The UK government has announced an extension to a recently introduced support scheme for the families of overseas NHS staff, who lost their lives to Covid-19. Known as the Home Office Bereavement Scheme, the initiative automatically grants indefinite leave to remain to those who have lost family members to Covid-19 while working for the NHS.
Home Secretary Priti Patel has now announced an extension to this scheme, extending its provisions to cover porters, cleaners and other support staff. When the initiative was first introduced, it applied exclusively to doctors, nurses and other select professions within the NHS.
“Every death in this crisis is a tragedy, and sadly some NHS support staff and social care workers have made the ultimate sacrifice in the pursuit of saving the lives of others,” said Ms Patel.
“When I announced the introduction of the bereavement scheme in April, I said we would continue to work across government to look at ways to offer further support,”
“Today we are extending the scheme to NHS support staff and social care workers.”
Under the new terms of the Home Office Bereavement Scheme, the right to remain in the UK permanently will automatically be granted to families and dependence of all NHS workers who lost their lives after contracting Covid-19.
The official guidelines from the government (now updated) read as follows:
- “If you’re a non-EEA family member of any NHS worker, including support staff, or a healthcare or social care worker who has died as a result of coronavirus, you will receive immediate indefinite leave to remain, free of charge.”
- “Your family member must have been working for the NHS in any role or working for an independent health and care provider, including the social care sector.”
- “You do not need to do anything to receive this status. UKVI will contact employers to identify those eligible and will arrange for you to be issued with indefinite leave to remain.”
- “However, if you think you should receive this status, you can contact the UKVI NHS team.”
The initial decision to exclude low-paid NHS workers like cleaners and porters immediately drew widespread criticism and was labelled a “stab in the back” by furious NHS workers.
“NHS staff like porters and cleaners, and social care staff, should never have been excluded from the bereavement scheme in the first place,” argued Labour’s shadow home secretary Nick Thomas-Symonds.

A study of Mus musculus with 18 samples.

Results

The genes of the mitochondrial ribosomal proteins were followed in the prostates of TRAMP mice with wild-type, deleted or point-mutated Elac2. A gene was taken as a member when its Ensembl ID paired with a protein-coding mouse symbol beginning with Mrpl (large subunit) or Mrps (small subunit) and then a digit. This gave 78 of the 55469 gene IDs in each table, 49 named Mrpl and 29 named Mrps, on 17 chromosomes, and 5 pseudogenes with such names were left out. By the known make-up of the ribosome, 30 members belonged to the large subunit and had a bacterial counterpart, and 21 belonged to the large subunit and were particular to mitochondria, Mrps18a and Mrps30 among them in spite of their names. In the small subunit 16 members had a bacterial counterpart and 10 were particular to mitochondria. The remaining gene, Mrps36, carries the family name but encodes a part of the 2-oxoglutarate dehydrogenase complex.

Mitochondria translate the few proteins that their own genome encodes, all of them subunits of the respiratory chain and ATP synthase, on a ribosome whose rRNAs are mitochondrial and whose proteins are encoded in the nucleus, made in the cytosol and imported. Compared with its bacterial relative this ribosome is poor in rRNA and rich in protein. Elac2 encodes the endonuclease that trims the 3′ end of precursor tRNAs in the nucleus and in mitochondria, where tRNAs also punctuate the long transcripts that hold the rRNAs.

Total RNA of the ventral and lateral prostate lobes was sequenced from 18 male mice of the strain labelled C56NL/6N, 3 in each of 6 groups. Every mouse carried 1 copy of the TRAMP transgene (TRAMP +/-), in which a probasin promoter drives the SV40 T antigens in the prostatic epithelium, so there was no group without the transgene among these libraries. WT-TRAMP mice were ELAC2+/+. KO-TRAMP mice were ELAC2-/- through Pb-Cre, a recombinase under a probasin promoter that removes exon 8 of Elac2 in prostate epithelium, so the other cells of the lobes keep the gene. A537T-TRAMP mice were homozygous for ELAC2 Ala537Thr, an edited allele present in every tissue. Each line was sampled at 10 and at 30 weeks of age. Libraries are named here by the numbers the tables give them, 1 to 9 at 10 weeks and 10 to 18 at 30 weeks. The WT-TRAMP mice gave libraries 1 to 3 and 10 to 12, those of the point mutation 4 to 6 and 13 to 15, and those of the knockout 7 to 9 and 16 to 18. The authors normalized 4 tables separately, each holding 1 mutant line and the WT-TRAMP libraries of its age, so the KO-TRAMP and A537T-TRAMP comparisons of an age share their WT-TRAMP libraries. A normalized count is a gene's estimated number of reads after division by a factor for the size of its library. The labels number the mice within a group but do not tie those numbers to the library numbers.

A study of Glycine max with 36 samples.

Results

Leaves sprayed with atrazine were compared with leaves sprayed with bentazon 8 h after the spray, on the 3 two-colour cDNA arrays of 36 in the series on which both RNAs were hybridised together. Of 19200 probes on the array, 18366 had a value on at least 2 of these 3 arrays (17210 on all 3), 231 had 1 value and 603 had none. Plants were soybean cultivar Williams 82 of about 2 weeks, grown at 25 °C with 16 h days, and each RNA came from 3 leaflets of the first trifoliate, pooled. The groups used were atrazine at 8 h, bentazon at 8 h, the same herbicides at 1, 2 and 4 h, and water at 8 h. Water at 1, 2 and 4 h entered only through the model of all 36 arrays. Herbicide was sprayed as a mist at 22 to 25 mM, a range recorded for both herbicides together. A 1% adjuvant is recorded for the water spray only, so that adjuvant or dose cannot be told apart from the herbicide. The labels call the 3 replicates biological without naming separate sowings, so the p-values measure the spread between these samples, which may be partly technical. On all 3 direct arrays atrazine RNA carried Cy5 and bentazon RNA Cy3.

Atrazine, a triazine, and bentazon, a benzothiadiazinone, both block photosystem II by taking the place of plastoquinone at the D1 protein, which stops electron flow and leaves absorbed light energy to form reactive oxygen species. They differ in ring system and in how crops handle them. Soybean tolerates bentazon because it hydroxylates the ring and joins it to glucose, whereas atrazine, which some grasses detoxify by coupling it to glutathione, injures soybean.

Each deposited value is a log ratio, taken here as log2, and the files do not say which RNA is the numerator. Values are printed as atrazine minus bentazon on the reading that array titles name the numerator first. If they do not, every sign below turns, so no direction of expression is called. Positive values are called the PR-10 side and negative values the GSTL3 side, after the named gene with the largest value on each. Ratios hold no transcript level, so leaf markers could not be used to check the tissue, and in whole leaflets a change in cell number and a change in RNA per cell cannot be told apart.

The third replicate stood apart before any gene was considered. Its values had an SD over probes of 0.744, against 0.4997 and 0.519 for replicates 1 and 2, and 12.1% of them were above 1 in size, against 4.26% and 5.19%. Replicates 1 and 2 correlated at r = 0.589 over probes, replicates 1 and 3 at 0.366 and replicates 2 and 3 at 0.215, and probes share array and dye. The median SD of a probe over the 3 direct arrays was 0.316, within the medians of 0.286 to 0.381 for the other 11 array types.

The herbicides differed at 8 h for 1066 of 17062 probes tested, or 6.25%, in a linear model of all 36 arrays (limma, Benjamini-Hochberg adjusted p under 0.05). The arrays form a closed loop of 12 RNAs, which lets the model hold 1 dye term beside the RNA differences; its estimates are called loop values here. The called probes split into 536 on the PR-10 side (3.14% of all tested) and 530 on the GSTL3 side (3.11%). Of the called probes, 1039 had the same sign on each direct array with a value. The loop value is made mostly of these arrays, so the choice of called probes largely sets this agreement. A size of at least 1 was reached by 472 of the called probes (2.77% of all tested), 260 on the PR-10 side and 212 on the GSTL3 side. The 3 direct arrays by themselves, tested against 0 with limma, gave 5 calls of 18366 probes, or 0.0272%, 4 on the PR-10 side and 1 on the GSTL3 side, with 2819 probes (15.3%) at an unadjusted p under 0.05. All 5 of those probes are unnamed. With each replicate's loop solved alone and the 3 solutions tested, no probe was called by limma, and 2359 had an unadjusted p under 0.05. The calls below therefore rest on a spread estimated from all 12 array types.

“Now the government also has to change its stance on charging NHS and care staff from overseas to use our NHS. This hypocrisy must end.”
Compensation Payment Complications
Meanwhile, recent figures published by the Department of Health and Social Care suggest that less than 20 families of NHS and social care workers who lost their lives to Covid-19 have received approval for the government’s promised £60,000 compensation payment.
Just 19 approvals have so far been granted, despite figures suggesting that more than 540 families in England and Wales are currently eligible for the payment.
“It is concerning that so few families of NHS and care workers who tragically died on the frontline against coronavirus have so far benefitted from this scheme,” commented Liberal Democrat MP Layla Moran.
“The government must ensure more is done to promote awareness of this scheme to eligible families,”
“No amount of money could ever compensate for any loss of life. But we must honour those who have made the ultimate sacrifice and provide security and comfort for their families.”
Independent Legal Support
Individuals with questions or concerns to address regarding their eligibility for indefinite leave to remain and/or compensation payments from the government are being advised to seek expert legal support at the earliest possible stage. Particularly if your claim has been rejected or delayed without a valid reason, a qualified legal representative can help you understand your rights and entitlements.
For more information or to discuss any of the above issues in more detail, book your obligation-free consultation with a member of the team at Aristone Solicitors today.